01-26-2006, 06:52 AM
I could swear I posted this before.

What is an associate agent? They're part-time or something, right? Supposing I had the next bestseller under my arm - is there any point in sending it to an "associate?" Even if they're under the wing of a respected agency, wouldn't one assume that agenting is not their top priority and therefore your manuscript probably won't get the best possible marketing?

The person who asked to see my manuscript attached a handwritten note to the agency's form acceptance letter (which by the way was printed on lime green paper). She also attached a business card, which is paisley. I'm not kidding.

Should I waste the postage?

I won't say which agency she's an "associate" with because that's just sort of nasty and gossipy, but I'll just say they've been around forever and as far as I know they are very respected.

Irysangel
01-26-2006, 07:35 AM
Associate agent is the same as junior agent. They're new to the biz and are learning the ropes from the pros that they work with.

Plus side? They're actively looking for clients and are enthusiastic about the job.

Cons? Not quite the connections or the experience of the 'regular' agents.

I've had my work passed to junior agents 3 or 4 times now, and never saw it as a bad thing. Usually it's something more along the lines of "Hey, this stuff might not be bad, but I can't handle another right now. But Bob can!"

Now if one of the juniors would just take me on...

dantem42
01-26-2006, 07:36 AM
I could swear I posted this before.

What is an associate agent? They're part-time or something, right? Supposing I had the next bestseller under my arm - is there any point in sending it to an "associate?" Even if they're under the wing of a respected agency, wouldn't one assume that agenting is not their top priority and therefore your manuscript probably won't get the best possible marketing?

The person who asked to see my manuscript attached a handwritten note to the agency's form acceptance letter (which by the way was printed on lime green paper). She also attached a business card, which is paisley. I'm not kidding.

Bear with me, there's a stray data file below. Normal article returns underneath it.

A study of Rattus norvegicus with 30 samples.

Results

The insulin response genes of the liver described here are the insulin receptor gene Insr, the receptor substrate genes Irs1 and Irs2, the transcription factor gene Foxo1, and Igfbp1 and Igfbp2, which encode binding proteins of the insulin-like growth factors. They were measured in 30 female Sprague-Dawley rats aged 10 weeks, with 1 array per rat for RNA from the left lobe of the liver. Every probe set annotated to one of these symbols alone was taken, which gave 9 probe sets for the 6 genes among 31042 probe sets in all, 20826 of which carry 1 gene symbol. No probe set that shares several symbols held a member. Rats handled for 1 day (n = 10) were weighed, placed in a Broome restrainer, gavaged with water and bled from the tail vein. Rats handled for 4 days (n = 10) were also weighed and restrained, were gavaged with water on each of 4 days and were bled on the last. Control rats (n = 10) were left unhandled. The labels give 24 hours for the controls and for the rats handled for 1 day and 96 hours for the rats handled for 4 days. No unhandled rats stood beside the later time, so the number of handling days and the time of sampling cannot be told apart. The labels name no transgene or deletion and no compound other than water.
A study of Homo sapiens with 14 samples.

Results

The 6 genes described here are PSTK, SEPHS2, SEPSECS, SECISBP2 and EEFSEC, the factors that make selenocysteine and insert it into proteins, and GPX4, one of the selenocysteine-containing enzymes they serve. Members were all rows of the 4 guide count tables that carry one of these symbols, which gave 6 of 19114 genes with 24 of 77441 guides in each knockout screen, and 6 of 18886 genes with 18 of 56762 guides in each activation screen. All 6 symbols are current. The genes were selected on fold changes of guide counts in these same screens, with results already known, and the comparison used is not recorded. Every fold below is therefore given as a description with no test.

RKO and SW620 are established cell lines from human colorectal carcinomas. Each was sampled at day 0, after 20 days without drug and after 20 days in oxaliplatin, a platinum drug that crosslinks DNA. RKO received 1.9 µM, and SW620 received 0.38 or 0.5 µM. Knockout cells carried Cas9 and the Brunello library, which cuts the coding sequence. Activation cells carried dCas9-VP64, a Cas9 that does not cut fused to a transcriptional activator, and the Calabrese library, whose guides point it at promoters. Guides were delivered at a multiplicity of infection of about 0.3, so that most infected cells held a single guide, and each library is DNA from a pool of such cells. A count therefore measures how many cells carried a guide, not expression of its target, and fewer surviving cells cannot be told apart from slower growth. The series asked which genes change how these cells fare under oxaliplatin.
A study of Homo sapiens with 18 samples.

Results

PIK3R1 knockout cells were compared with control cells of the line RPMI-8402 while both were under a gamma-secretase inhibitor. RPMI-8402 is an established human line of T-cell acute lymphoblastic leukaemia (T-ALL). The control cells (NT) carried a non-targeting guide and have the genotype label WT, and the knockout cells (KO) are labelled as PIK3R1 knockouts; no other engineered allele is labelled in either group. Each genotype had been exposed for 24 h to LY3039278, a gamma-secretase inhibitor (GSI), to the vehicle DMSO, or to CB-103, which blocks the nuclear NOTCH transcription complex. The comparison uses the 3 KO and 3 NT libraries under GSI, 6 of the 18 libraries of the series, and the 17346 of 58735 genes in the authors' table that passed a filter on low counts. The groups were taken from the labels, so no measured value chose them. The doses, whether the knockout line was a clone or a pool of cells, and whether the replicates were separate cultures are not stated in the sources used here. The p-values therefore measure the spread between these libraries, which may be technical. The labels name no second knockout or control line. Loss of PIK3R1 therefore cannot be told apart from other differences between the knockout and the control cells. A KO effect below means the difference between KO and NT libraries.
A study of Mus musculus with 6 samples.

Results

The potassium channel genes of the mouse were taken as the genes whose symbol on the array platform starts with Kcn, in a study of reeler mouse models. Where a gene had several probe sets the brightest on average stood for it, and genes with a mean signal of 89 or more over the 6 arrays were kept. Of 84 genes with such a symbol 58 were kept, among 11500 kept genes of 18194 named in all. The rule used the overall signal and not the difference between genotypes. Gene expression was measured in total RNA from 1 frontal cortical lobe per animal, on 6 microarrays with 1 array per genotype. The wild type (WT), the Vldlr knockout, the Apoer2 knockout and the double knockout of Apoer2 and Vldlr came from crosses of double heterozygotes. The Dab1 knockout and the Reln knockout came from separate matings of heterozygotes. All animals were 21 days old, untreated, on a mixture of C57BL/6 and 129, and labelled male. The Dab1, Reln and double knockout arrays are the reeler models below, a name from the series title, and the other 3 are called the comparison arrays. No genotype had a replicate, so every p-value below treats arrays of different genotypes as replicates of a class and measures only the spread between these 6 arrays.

Should I waste the postage?

I won't say which agency she's an "associate" with because that's just sort of nasty and gossipy, but I'll just say they've been around forever and as far as I know they are very respected.

From what I have seen, there are several ways the term is used. In some cases, it's a title for a junior agent of the agency, much in the way it is used in the legal field (associates vs. partners). So, if you wrote to a high-powered agent, she may have passed it off to an associate agent who is lower down the totem pole. This isn't necessarily bad, but it ain't necessarily good either. It probably depends upon which agent will actually be doing the marketing. As to your agreeing to send the ms, as long as they don't request an exclusive you have nothing to lose except printing and postage. If they come back to you asking to represent you, you can ask some questions then about how they will be handling it.

Another way I've seen it used (not the way it seems to be here) is when agencies have collaborative setups. An agency in Podunk, Montana may have an "associate agent" in New York who handles a lot of the contact at the New York houses. This agent is a member of a different agency, probably headquartered in New York. Typically the setup calls for them to split the 15 percent commissions somehow.

sirensix
01-26-2006, 08:49 PM
Assuming Ms. paisley-business-card is interested in the manuscript (I've looked her up on the 'net and apparently she is doing the agent thing as a "perfect complement" to her hopes of becoming a published author one day), what sort of questions should I ask?

And what's a polite way of saying, "I'd rather take my chances and submit the thing myself than have you represent me"?

And if I feel that way, should I even waste the postage? That's a lot of postage.

Julie Worth
01-26-2006, 09:00 PM
Assuming Ms. paisley-business-card is interested in the manuscript (I've looked her up on the 'net and apparently she is doing the agent thing as a "perfect complement" to her hopes of becoming a published author one day), what sort of questions should I ask?

And what's a polite way of saying, "I'd rather take my chances and submit the thing myself than have you represent me"?

And if I feel that way, should I even waste the postage? That's a lot of postage.

I agree that paisley is a bad sign, but some associates are destined for the big time. Look at what Nicholas Sparks (http://www.nicholassparks.com/WritersCorner/MyAgent.html) experienced.